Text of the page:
Not just one mastering format…

There are many mastering formats used for delivering the music to the audience. If you’re confused with the number of master formats in the age of music digital distribution, you’re not alone! It gets confusing day by day, for both good and bad reasons. So, we have vinyl, cassettes, CDs, mp3, AACs…. It looks like any music service distribution – traditional stores (CD and vinyl), internet music stores, internet radio, satellite, has its own format, which is partially true.

The mastering engineers will ask you what master format you want, and when he mentions all the different formats, you decide for one, maybe two, thinking that later you can change the format. Sometimes it works, sometimes it doesn’t, therefore I decided to put together some info and try to explain in plain English the mastering formats types, so you can make an informed decision when you go to the mastering engineer.

What is the mastering doing?

Mastering basically takes care of two important things:

1. Prepares the mixes for the audience while considering all the aesthetic decisions in regard to how the record is going to sound.

2. Adapt the mixdown to the delivery format that allows the listeners to enjoy the music. There are certain rules for each type of delivery format, and the mastering engineers prepares them accordingly.

The impact of the digital distribution.

Most of the digital distribution outlets do not accept (want) encoded formats like mp3 and AAC, as they have their own procedures and processes, based on their tools; they create the master files themselves from the master you are submitting. What they really want is the so call “premaster”. And it better be at the highest possible resolution, preferably 24 bit/96 KHz.

You may still want your song in mp3 format, so you can use it in your website for advertisement. This is a very important aspect, often overlooked; a simple conversion from a CD (16 bit) or a 24 bit master to mp3 is not really the right thing to do for promotion purposes, it does not ensure the best quality. It may cost you a bit more, but you want your mp3 to sound as good as possible, otherwise there is no way the people browsing your site will want to go to iTunes or Bandcamp and buy your music.

Online stores like iTunes, Beatport, due to the large number of songs they handle, are using the services of aggregators, like Tunecore or CD-baby. The aggregators are handling the spreading of songs in the online stores and streaming services, including the preparation, so submitting a master in the best possible format is a must. A few examples of what internet online stores/aggregators are accepting:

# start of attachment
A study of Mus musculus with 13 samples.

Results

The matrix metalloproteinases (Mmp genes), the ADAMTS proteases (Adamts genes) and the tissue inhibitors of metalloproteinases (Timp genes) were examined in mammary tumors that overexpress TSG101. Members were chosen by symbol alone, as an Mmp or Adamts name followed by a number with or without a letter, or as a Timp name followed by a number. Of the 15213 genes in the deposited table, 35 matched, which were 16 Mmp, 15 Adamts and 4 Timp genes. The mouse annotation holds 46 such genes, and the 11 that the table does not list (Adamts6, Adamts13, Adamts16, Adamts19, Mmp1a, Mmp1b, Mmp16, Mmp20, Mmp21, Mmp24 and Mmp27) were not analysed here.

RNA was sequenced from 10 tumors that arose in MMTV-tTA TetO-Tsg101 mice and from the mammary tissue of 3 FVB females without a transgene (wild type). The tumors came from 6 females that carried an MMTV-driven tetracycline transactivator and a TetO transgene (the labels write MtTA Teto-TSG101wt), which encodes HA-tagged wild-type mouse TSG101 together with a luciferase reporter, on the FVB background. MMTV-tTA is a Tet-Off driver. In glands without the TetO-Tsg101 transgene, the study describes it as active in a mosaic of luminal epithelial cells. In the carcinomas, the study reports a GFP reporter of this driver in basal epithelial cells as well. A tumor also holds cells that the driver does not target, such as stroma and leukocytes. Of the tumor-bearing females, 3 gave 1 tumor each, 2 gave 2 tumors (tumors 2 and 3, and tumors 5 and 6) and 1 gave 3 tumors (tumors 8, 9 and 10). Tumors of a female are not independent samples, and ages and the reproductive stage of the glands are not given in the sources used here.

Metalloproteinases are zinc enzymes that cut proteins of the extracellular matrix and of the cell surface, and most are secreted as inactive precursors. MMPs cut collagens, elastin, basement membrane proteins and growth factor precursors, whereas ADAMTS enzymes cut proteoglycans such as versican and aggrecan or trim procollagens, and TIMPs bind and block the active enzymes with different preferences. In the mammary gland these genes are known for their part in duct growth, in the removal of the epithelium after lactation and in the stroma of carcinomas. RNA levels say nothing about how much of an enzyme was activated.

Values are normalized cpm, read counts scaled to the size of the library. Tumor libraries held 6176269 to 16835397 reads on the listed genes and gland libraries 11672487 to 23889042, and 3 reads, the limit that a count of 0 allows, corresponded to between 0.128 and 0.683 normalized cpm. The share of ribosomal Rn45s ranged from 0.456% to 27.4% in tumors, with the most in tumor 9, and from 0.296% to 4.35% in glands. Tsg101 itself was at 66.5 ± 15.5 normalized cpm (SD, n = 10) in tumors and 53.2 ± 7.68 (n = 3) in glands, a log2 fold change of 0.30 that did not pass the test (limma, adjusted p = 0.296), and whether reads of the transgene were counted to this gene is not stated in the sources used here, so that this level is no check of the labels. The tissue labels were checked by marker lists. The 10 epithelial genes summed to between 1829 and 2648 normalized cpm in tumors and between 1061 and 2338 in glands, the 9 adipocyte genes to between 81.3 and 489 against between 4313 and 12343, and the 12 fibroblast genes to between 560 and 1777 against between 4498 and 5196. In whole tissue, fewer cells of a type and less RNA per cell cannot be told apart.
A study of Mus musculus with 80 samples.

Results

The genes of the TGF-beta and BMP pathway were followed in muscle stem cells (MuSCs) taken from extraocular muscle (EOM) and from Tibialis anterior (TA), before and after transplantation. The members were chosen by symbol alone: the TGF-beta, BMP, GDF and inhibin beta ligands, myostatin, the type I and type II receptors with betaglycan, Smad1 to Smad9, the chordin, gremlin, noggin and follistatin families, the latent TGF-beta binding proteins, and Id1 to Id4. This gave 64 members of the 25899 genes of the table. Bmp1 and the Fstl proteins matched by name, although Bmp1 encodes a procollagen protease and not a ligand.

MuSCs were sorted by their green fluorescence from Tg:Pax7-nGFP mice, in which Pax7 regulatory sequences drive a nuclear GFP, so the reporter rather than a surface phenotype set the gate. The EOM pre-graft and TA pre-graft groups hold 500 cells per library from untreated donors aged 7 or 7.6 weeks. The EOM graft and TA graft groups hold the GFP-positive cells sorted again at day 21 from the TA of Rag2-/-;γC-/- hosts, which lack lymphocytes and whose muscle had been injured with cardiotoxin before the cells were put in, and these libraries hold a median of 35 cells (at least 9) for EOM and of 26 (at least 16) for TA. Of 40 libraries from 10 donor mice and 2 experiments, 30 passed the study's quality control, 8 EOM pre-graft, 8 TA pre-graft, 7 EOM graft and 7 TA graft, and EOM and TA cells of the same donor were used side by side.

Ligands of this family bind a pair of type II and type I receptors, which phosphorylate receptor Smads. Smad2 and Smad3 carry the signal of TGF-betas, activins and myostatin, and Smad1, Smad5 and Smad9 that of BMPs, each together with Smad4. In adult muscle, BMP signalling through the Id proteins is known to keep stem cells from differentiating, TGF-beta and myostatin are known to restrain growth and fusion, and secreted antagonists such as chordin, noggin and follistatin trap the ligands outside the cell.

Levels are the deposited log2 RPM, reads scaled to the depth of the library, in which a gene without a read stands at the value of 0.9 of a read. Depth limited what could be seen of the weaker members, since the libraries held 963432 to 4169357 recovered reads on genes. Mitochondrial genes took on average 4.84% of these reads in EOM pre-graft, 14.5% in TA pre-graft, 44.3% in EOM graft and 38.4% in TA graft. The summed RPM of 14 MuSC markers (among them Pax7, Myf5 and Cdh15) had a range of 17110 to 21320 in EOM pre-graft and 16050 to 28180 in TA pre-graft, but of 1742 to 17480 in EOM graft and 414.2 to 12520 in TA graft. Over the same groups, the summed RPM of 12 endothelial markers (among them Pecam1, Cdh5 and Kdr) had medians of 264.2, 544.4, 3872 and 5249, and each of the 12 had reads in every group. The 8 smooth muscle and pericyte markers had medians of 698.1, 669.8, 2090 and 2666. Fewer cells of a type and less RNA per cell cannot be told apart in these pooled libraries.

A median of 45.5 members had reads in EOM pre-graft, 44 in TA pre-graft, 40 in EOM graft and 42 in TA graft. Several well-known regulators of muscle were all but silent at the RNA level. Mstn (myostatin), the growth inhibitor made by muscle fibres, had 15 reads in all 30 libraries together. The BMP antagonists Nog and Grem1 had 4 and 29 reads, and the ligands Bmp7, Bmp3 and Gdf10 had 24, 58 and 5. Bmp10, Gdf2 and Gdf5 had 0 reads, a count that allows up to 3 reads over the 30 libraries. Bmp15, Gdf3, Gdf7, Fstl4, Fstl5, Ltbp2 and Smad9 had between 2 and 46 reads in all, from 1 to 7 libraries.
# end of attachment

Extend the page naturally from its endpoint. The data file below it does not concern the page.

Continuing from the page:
- iTunes standard, Spotify, other online stores: 16 bit/44.1k wav files.
- Mastered for iTunes- MFiT: 24 bit / 96, 88, 48 or 44k wav files.
- CD Baby accepts CD-Quality wav.
- Tunecore accepts CD-Quality wav
- Bandcamp and SoundCloud accepts MFiT, basically 24 bit, sample rates above 44.1k
- Reverbnation accepts CD-Quality wav and mp3 at 320 kbps
- Rebeat accepts CD-Quality wav
- RouteNore accepts CD-Quality wav and mp3 192kbps
- Record Union accepts CD-Quality wav

The internet opened the doors of digital distribution. However, files in high quality (CD-Quality, and even better- the 24 bit files) formats are large, so digital distribution is done mostly with digital audio files like mp3 and AAC, which are much smaller. These formats are not lossless, and there are difference that can be heard between them and the premaster. As the network speed increases, we can see that the quality requirements of the internet stores and streaming services is going up; it's always a good idea to get the best possible resolution master.

When you are doing the mastering, you want to make sure that the mastering place uses a round-trip codec that allows the real time audition in the mp3 and especially AAC formats, to make sure these files will sound good. These codecs are AURoundTripAAC provided by Apple and Fraunhofer Pro-Codec from Sonnox. With them, you can hear how the files encoded off site (by iTunes, Tunecore, etc) will sound, and that is important. During the conversion, the encoded files will have audio glitches due to the inter-peak samples, so using these round-trip codecs detect the problems, and they can be corrected.

As I said before, asking for a mastered mp3 file makes sense if you need it for your website and promotion, but you may not do all the songs in an album, only what’s needed for promotion. However, with the future in mind, your best bet is to request a 24 bit/96 kHz master, or at least master with the same resolution like the mix (today actually everybody works at 24 bit, some at 44, some at 48, some at 96 and very few at 192kHz sample rate). If the mix is at 24 bit/48 kHz, do not ask for upsampling, it doesn’t do any good! 24/96 is the preferred resolution for iTunes, and the reason is that the codecs used perform better with a file at higher resolution. Even tough the CD file has 16 bit/44kHz, and the resolution is way higher than an AAC or mp3 file, the codecs will create a better file if you provide the higher resolution master than the file from CD.

At last, for vinyl the files should be 24 bit, with higher rates than 44.1 KHz if available, but 16bit/44.1KHz can be used too; and for cassette 16 bit and minimum 44.1 KHz (yes, I know, who needs them anymore?… actually they are coming back slowly).